Green and Gold simply fold

IAN BUSBY -- Calgary Sun

, Last Updated: 9:21 AM ET

Suddenly, Labour peace has been declared in the Battle of Alberta.

Three years ago, when Ricky Ray was tossed out of bounds in the annual Labour Day Classic at McMahon Stadium, a helmet-swinging brawl ensued.

Yesterday, the Eskimos quarterback was again shoved into the Edmonton bench in Calgary's 44-23 victory.

No one from the Eskimos made a move towards Stampeders linebacker Khalid Abdullah.

"I was thinking there was going to be a fight, not only on that play but several plays," said Stampeders d-lineman Rahim Abdullah, Khalid's older brother and a former Eskimo, who was in the middle of the action in 2003.

"I've never played a Labour Day Classic when there wasn't a fight. I guess guys realized the game was out of hand and they wanted to lose with dignity and class."

The Stamps whipped the Eskimos 44-23 and the two teams meet again Friday at Commonwealth Stadium, where tempers may flare.

Outside of the few normal mask-to-mask screaming matches yesterday, nothing escalated past the point minor skirmish.

On the field after the game, the teams were pleasant to each other as they shook hands and chatted.

"This was one of the nicest Labour Day Games I've ever played in," said Stamps defensive lineman Sheldon Napastuk.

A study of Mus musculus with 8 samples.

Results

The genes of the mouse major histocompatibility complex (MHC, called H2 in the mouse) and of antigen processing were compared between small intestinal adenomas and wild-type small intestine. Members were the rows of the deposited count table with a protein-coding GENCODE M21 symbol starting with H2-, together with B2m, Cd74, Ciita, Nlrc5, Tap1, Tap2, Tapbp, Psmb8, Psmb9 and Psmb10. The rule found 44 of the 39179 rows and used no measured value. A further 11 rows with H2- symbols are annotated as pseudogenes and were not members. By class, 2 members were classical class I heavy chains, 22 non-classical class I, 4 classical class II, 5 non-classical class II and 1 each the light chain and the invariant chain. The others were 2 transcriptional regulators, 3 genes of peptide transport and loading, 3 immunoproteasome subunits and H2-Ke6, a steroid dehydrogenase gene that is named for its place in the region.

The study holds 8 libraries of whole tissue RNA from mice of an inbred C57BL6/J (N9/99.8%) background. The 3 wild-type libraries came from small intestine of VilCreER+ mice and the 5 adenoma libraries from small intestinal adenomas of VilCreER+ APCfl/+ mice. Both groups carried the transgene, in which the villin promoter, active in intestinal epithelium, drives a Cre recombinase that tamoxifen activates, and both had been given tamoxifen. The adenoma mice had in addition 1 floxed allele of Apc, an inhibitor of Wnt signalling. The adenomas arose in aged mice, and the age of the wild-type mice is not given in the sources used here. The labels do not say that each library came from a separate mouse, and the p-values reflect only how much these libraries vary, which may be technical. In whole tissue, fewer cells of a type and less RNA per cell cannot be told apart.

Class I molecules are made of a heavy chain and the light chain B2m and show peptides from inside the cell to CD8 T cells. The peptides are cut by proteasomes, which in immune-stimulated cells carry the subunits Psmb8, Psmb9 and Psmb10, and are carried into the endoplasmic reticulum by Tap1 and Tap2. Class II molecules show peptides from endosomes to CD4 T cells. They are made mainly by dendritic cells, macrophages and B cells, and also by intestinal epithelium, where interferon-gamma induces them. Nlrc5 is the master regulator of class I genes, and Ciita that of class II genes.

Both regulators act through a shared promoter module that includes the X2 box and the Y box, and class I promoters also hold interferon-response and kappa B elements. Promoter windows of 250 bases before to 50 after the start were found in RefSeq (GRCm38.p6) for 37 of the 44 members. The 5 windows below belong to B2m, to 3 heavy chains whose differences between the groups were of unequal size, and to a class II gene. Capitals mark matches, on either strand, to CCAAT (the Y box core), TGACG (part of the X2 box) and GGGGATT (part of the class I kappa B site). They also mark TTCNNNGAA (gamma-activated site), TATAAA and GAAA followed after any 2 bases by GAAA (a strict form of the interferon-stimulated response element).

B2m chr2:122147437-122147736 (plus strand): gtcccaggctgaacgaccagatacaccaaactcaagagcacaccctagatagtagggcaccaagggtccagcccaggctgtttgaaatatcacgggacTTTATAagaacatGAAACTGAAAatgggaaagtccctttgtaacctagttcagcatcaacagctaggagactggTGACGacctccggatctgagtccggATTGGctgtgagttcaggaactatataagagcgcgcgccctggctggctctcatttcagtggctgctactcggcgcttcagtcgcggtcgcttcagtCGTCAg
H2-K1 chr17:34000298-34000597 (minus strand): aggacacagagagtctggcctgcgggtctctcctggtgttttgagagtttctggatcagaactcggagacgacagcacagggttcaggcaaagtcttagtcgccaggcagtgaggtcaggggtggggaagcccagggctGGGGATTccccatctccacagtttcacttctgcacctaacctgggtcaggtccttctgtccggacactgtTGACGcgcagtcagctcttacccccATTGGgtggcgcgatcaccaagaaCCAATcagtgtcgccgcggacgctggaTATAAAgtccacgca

"I think maybe this year we'll see the heated battle in the rematch.

"Right now, their spirits have got to be pretty low and we had to take advantage of that. They seemed down, didn't have as much fight as you'd expect."

Stampeders d-lineman Randy Chevrier, another former Eskimo, was in the middle of the 2003 brawl and remembers the ramifications it had on both teams.

Players were fined and suspended after a referee was injured. That may have scared the players from duking.

"A lot of the current coaching staffs were there and they don't want that stuff to happen anymore," Chevrier said.

"We learned from it.

"Nobody wants to lose anybody. It happened a long time ago, so we can look back and laugh.

"It was pretty serious at the time and it's a black mark on the league. It's part of the lore of Labour Day but you don't want to be the guy who starts that."